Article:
We appreciate the opportunity that Paterson's comment provides to clarify and emphasize some important points made in the paper. In response to his point 1, we never implied that a single mechanism could explain syntectonic emplacement of granitic magmas. A number of competing mechanisms control magma ascent and emplacement, and our paper explores one mechanism that explains a common relationship between plutons and shear zones.
His point 2 is incorrect and indicates a superficial reading of the paper. First, we did not ignore the older, calc-alkaline suite. We used the fact that this suite is emplaced before shear zone development, and their lobate shape and distribution away from shear zones, to contrast with the en cornue plutons, emplaced later, in the vicinity of active shear zones. In the same rushed fashion Paterson misread the map in Figure 1. In that map, there is a large number of plutons that belong to the early calc-alkaline suite. In other words, there are not “25–30 plutons of the remaining three suites,” there are eight. Out of these, seven have en cornue shapes and are directly related to shear zones.
Point 3 is more interesting. Here Paterson wonders about the tails. We envisage a system where magma flowed initially as sheets within shear zones and that they ballooned outwards from there, into dilational regions of low mean pressures. We used the term tail in a purely descriptive sense to refer to the magma sheet in the shear zone. Magma migration and the feeding of the ballooning pluton is a three-dimensional problem and most of the magma that fed the growing pluton may well have come from underneath the exposed pluton. Unfortunately, due to straining of the tails, we are unable to demonstrate that a magmatic foliation predated solid-state deformation. Therefore we cannot entirely discard the possibility that the tails are parts of the main body of the pluton sheared in the solid-state by the shear zone. However, our main argument is the contrast in distribution of late plutons and the early calc-alkaline plutons. Late plutons lie in the immediate vicinity of shear zones, and early plutons lie away from shear zones.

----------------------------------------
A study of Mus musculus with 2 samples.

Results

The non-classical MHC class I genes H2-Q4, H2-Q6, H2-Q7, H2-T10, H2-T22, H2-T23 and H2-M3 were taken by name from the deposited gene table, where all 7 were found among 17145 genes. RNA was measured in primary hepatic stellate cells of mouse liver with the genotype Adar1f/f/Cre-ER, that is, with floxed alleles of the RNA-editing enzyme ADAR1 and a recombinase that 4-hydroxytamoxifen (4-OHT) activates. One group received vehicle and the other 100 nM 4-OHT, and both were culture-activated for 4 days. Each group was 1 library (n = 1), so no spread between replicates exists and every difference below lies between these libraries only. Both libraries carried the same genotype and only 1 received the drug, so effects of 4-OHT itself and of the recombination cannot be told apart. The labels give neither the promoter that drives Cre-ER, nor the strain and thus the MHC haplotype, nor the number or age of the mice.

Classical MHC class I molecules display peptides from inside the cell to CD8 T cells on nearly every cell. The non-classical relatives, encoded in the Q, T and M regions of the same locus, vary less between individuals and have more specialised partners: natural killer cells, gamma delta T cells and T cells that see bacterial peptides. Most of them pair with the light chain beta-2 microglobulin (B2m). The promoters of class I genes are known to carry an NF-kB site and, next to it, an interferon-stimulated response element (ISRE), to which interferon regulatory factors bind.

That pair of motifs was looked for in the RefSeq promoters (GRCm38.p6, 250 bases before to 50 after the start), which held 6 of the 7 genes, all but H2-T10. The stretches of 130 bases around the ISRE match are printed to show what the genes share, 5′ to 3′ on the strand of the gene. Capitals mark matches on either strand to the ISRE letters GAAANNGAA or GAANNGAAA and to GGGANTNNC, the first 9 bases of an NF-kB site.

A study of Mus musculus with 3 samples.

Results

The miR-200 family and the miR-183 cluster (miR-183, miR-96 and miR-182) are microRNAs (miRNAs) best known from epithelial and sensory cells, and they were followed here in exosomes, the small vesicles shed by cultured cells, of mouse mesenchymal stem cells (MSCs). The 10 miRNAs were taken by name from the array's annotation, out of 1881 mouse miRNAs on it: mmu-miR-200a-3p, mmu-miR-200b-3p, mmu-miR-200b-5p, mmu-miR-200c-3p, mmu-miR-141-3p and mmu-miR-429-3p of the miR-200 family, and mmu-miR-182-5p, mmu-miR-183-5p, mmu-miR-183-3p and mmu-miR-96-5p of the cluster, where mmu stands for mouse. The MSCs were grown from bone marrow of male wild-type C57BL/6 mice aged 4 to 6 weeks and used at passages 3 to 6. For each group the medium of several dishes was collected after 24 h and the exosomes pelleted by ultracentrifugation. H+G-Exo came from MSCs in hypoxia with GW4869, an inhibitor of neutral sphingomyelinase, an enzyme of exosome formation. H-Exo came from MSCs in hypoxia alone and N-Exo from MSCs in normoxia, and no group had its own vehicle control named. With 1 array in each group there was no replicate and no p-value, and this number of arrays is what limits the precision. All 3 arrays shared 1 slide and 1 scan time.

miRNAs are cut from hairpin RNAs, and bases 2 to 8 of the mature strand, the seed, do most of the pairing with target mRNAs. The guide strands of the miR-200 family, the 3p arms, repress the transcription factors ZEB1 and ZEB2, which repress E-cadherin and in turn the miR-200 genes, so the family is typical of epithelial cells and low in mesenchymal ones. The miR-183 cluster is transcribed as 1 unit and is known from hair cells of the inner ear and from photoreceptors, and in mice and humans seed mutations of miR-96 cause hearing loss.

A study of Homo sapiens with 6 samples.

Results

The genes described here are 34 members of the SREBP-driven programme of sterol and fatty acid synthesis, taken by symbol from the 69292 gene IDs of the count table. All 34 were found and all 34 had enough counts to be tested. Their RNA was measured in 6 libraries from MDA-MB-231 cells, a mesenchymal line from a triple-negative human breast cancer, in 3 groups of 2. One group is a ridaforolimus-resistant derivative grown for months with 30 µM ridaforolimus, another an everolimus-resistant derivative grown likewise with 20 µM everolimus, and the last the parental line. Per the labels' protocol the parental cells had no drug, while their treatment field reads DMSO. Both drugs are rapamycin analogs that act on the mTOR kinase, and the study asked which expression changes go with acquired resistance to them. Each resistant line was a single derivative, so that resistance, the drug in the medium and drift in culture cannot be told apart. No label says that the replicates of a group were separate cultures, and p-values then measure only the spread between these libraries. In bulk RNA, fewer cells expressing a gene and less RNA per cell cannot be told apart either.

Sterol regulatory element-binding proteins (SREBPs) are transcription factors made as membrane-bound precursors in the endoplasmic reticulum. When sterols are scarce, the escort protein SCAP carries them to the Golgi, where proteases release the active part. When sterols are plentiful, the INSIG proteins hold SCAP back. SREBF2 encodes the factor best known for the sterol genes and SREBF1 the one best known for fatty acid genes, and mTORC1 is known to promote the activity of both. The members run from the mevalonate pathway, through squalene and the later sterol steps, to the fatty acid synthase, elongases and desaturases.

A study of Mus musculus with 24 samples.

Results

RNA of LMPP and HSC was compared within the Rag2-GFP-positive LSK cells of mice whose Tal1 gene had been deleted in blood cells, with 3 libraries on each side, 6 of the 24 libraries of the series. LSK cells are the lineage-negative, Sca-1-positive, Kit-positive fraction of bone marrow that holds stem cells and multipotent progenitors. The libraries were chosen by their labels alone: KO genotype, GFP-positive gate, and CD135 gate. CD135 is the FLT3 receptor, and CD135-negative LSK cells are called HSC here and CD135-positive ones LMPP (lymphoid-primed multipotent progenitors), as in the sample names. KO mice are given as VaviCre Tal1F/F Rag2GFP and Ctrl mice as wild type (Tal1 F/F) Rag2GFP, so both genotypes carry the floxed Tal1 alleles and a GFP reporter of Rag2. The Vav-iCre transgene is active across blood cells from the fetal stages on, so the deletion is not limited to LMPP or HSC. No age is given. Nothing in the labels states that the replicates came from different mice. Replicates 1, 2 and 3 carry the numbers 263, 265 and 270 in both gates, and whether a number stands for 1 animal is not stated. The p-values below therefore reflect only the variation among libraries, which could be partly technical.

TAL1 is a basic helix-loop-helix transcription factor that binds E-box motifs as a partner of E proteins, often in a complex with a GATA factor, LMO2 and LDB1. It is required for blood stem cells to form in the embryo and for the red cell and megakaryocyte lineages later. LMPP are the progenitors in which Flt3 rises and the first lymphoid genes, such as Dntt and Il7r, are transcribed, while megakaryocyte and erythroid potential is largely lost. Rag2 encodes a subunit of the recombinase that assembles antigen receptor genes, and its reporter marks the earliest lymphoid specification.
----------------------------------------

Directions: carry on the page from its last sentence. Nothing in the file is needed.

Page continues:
In point 4 Paterson asks what role magma temperature played and what happens when magma enters the low mean pressure region. We can only speculate about those issues, as they were not part of our models and our speculative views are already expressed in the last paragraph of our original paper (Weinberg et al., 2004, p. 379). I would like to add here that the system is dynamic, and as magma batches intrude low-pressure zones seeking to equilibrate pressure gradients, low pressure is regenerated by the applied external stresses.
Why do we focus on shear zones (point 5)? Because they exert an obvious and direct control on contemporaneous magmatism. Sure, any dilational low mean pressure zone will play a role, but none may develop as strong a pressure gradient as large-scale faults. Finally, in point 6 we are asked to speculate on how the first suite of plutons ascended and why didn't the later plutons ascend in the same way. Since we have not studied the emplacement of the early plutons, I would prefer not to speculate. To answer why the late plutons did not ascend in the same way, I go back to the first point above, that there are a number of alternatives for pluton ascent, and when the variables of the problem changed with the onset of localized shearing, the mechanism changed. The late en cornue plutons could have ascended in a number of ways independently of shear zones. The fact that these plutons, as well as many other worldwide, did not, must be telling us that shear zones play a key role in magma migration and emplacement.